Panera Bread (called St. Louis Bread Company in the St. Louis metropolitan area) is a chain of bakery–cafĂ© quick casual restaurants in the United States and Canada that sells breads, sandwiches, soups, salads, and other bakery items. This site will provide copycat recipes and recipes using products sold at the Panera Bread restaurants. Panera Bread Co. has 1,736 bakery cafes in 45 states and Canada under the Panera Bread, Saint Louis Bread Co. and Paradise Bakery & Cafe brands.




Parmesan Fondue

Panera Bread Recipe

Serves 6

4 cloves garlic, pressed or minced
1/4 cup extra virgin olive oil
2 tablespoons butter
2 teaspoons Italian herb seasoning (marjoram, thyme, rosemary, savory, sage, oregano, and basil)
1 Panera Bread Ciabatta
3 cups (about 10 ounces) grated Parmesan
2 cups (about 8 ounces) shredded Fontina
1 tablespoon cornstarch
1 1/2 cups dry or semisweet white wine (such as dry Riesling)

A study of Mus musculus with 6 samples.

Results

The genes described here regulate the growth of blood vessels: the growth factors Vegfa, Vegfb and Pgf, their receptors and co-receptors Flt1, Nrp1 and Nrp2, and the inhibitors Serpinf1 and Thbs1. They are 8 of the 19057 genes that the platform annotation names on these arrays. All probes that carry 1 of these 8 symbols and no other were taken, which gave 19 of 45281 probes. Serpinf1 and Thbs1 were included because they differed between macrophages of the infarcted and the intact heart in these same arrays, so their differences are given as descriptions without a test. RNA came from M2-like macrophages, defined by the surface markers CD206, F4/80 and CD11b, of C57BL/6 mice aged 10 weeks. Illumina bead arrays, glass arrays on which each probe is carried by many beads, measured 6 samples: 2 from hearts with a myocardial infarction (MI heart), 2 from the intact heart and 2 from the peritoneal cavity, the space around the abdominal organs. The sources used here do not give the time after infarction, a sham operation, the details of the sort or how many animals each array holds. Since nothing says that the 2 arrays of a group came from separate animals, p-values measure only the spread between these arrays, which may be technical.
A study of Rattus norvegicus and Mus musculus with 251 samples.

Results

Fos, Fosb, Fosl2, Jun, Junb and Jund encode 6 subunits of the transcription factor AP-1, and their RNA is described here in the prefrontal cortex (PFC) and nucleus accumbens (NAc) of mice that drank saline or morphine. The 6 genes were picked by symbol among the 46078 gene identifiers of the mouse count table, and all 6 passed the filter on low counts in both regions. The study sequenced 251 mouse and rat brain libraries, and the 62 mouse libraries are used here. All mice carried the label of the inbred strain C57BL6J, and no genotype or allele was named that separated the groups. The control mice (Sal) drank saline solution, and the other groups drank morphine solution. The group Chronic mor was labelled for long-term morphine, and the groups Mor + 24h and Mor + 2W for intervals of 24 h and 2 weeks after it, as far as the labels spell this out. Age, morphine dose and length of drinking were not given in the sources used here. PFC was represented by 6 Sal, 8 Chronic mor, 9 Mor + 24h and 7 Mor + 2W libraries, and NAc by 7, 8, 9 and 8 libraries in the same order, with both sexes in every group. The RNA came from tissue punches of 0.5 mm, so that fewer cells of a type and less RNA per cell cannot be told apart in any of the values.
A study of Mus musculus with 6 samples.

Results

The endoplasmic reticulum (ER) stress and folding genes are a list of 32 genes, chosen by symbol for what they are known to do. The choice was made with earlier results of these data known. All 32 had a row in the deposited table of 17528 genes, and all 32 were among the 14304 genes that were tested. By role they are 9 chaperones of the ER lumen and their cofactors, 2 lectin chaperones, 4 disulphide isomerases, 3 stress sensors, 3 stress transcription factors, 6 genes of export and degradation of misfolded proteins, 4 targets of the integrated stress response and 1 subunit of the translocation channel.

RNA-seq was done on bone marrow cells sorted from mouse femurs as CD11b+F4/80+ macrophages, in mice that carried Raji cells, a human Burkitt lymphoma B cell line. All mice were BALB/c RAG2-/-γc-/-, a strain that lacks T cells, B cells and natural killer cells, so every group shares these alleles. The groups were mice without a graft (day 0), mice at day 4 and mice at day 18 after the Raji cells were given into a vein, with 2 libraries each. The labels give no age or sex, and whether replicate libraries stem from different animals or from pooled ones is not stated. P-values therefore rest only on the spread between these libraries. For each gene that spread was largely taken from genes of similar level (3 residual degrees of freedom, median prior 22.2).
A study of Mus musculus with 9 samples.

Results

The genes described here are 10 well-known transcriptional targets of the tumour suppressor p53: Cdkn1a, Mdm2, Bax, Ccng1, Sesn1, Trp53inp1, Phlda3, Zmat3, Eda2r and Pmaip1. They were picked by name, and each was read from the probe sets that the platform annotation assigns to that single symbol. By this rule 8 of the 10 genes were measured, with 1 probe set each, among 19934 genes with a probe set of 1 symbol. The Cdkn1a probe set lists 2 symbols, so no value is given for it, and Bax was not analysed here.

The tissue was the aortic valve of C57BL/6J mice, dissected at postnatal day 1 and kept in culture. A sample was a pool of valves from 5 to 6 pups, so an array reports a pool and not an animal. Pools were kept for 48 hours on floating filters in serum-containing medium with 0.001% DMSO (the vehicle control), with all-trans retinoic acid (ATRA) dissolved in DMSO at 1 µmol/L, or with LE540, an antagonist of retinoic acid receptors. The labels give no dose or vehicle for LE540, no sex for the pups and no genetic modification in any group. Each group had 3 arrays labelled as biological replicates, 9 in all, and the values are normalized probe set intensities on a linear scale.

2 tablespoons kirsch (cherry brandy) or grappa

Preheat the broiler. Combine the garlic, oil, butter, and herb seasoning in a rimmed baking sheet. Place the sheet in the oven and keep it there just until the butter melts, 1 to 2 minutes. Stir to combine the ingredients.

Cut the bread in half through the side to make two wide slabs. Dip each slab, cut side down, into the garlic mixture, pressing on the bread until it absorbs the liquid and seasoning. Broil the slabs cut side up on the baking sheet until golden brown on top, 3 to 4 minutes. Cut them into 1-inch cubes and set the pieces aside.

Meanwhile, place the cheeses and cornstarch in a large bowl or zip-top bag and toss to combine. Bring 1 1/4 cups of the wine to a simmer in a fondue pot or a small, heavy-bottom saucepan over medium heat. Gradually stir in the cheese mixture until melted and smooth, 3 to 4 minutes. Stir in the kirsch or grappa and cook for 1 to 2 minutes. If the fondue is too thick, stir in the remaining wine 1 tablespoon at a time. Keep the fondue just under a simmer over the lowest possible heat. Serve it with bread cubes on forks for dipping, stirring each time you dip to keep the mixture smooth.